Jean Valjean is the protagonist of Victor Hugo’s Les Miserables. I first read the book in high school and immediately had to watch the movie – the first version I saw was the 1998 version with Liam Neeson playing Jean Valjean. I haven’t seen the 2012 version with Hugh Jackman yet, but I’ve heard it’s good. Les Miserables is a hard book to get through. If you’ve read Victor Hugo before, you know what you’re getting into. I read the unabridged version, and it is a slog. But much like one of my other favorite books, Charles Dickens’ A Tale of Two Cities, it’s worth the work to read it. It’s not a fast paced adventure of a story, although there is drama.
Hugo layers commentary on the French Revolution and social justice (particularly the plight of orphans, as well as the poor in general). But what I love about it is how Les Miserables elevates the importance of love and compassion rather than law and justice.
Javert, the policeman who pursues Valjean throughout the book, dutifully serves justice and the law. He is a “good” man, in that he faithfully carries out laws meant for the good of society. Javert is blind to the purpose of the laws he upholds. He doesn’t understand how Jean Valjean changes from the angry criminal Javert meets at the beginning of the book into a selfless, generous man who is a benefactor to the poor and helpless. Justice cannot comprehend mercy.
As a Christian, I find Les Miserables one of the greatest pictures in literature of saving grace and transforming love. Jean Valjean is transformed from who he was into someone much greater by the power of his love and forgiveness. At the beginning of the story, you might pity him, but he isn’t someone you necessarily want to emulate. At the end, even Javert recognizes that Valjean is someone great.
Tragically, Javert cannot find a way to reconcile this recognition and his own sense of justice. The law must be served, even if justice has moved beyond the law. For the sake of the theft of 40 sous, Javert wants to have Valjean executed. Valjean, at the end of a long life that has moved beyond fear of punishment, is finally at peace with this idea and essentially consents. Javert commits suicide rather than follow through with it, although he’s been pursuing Valjean for nineteen years.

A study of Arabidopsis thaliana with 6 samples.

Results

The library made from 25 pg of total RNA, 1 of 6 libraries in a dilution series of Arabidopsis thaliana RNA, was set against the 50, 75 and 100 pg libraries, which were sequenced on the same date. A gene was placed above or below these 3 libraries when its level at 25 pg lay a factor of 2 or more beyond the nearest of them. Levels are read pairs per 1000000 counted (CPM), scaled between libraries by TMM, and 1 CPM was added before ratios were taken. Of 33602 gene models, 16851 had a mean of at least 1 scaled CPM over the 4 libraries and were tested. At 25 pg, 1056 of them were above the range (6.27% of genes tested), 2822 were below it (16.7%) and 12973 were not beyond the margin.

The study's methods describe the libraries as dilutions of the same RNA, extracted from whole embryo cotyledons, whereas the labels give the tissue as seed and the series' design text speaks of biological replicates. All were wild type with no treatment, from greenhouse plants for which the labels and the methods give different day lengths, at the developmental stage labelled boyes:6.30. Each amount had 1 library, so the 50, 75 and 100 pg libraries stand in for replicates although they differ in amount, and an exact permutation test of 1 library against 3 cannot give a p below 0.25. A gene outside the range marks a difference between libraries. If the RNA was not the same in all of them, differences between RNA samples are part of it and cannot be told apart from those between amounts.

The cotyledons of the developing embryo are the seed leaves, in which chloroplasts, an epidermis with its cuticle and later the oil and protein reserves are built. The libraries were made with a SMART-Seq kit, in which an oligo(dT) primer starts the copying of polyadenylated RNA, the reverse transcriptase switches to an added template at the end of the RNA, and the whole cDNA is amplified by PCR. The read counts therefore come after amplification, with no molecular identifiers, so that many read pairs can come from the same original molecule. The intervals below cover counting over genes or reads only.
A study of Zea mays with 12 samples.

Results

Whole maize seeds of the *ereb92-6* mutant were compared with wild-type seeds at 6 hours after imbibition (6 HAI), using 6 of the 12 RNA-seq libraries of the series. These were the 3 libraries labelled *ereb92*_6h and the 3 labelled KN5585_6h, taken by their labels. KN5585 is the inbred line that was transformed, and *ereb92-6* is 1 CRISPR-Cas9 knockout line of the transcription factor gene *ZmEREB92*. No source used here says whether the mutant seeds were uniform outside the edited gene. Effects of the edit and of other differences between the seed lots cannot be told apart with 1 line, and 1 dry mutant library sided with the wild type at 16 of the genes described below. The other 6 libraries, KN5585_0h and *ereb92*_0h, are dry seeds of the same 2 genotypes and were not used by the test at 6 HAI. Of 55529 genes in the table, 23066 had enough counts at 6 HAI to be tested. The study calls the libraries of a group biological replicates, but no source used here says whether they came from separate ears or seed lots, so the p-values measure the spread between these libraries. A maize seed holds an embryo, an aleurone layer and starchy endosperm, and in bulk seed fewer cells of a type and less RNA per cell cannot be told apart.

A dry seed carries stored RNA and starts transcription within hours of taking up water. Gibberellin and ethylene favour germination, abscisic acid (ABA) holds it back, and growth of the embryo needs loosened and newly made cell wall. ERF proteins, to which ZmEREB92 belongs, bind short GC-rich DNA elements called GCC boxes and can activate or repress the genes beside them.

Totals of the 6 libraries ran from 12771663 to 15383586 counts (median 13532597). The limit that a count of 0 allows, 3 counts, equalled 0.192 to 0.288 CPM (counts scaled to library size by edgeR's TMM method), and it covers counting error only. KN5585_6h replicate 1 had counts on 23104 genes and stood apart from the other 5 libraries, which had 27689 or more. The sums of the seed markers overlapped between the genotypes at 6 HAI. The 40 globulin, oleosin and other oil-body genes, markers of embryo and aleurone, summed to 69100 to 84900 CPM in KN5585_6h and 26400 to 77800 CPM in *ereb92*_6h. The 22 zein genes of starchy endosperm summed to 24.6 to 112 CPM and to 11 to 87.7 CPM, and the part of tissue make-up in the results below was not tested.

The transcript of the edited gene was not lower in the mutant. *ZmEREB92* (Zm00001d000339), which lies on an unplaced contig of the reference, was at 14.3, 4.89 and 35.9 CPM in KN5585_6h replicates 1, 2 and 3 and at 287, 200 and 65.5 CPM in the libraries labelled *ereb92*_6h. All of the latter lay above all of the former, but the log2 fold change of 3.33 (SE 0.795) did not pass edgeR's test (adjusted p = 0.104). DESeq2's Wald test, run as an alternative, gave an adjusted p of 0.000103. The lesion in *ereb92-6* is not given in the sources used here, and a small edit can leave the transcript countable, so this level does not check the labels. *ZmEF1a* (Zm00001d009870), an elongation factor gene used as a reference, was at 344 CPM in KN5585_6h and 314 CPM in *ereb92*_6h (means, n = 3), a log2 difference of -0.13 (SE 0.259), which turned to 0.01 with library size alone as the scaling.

It’s been a long time since I read the book, and I confess some of the details are fuzzy. But the picture of love transforming an angry, bitter, desperate criminal into a generous, selfless man characterized by love and forgiveness has always stuck with me. Jean Valjean is what we should be…. maybe not what we are, but what we should be. Javert is what we might be, if we don’t value love, and we don’t put others first.
Honorable Mention (literally): Bishop Myriel AKA Monseigneur Bienvenu
Bishop Myriel takes in Jean Valjean when he’s first parolled from prison. Valjean has no connections, no food, barely any clothes on his back, no social skills… if anything, he’s even more desperate than he was in prison. Bishop Myriel offers him hospitality for the night, feeds him dinner, and gives him a room to sleep in. Valjean wakes during the night and flees, stealing most of the Bishop’s silver when he goes. He is quickly apprehended and brought back to Myriel, with the police assuming Myriel will confirm that the treasure was stolen. Myriel gently tells the police that he gave the silver to Valjean, tells Valjean that he forgot the silver candlesticks, and gives them to him with the admonition that he should use the silver to become an honest man.
I have a few thoughts on this section. First, I think it’s kind of funny that a “poor country priest” is presumed to have lots of silver laying around. Myriel was supposed to have been promoted to some higher office and continued to act like a country priest, which would partially explain the treasure. But that gives rise to the second thought, which is that the treasure would presumably belong to the church, rather than the priest himself. I understand that in 19th century France there may not have been a strict distinction between the priests’ personal belongings and the church’s estate, but it seems that a spirit of generosity requires a personal sacrifice, rather than giving of the largesse of an entity such as the church. Not that the church can’t be generous, of course, but then the generosity is more to the credit of the people who tithed and sacrificed to buy the candlesticks, rather than the priest who possesses them and gives them away. Of course, that’s my 21st century Protestant self talking, not my literary critic self talking. In any case, the incident is obviously meant to convey that Bishop Myriel is a generous, forgiving person. His other name, Monseigneur Bienvenu, translates as Sir (French honorific that doesn’t translate directly) Welcome, which gives you the idea of his purpose in the story.
Bishop Myriel gets an honorary mention because his actions in this incident are pivotal in Valjean’s transformation. He questions his own actions in light of Myriel’s generosity, and changes his behavior in order to be more worthy of Myriel’s trust and forgiveness.
Of course, in reality we can’t always be “worthy” of forgiveness… that’s the point of grace. Grace hunts us down BEFORE we deserve it, just as Myriel forgives Valjean before Valjean ever considers asking for forgiveness. But the attempt to live in light of forgiveness already received… that’s how we grow. That’s how we become better than we are. Myriel’s influence lasts long after he leaves the story.
May we all be like Myriel and his candlesticks.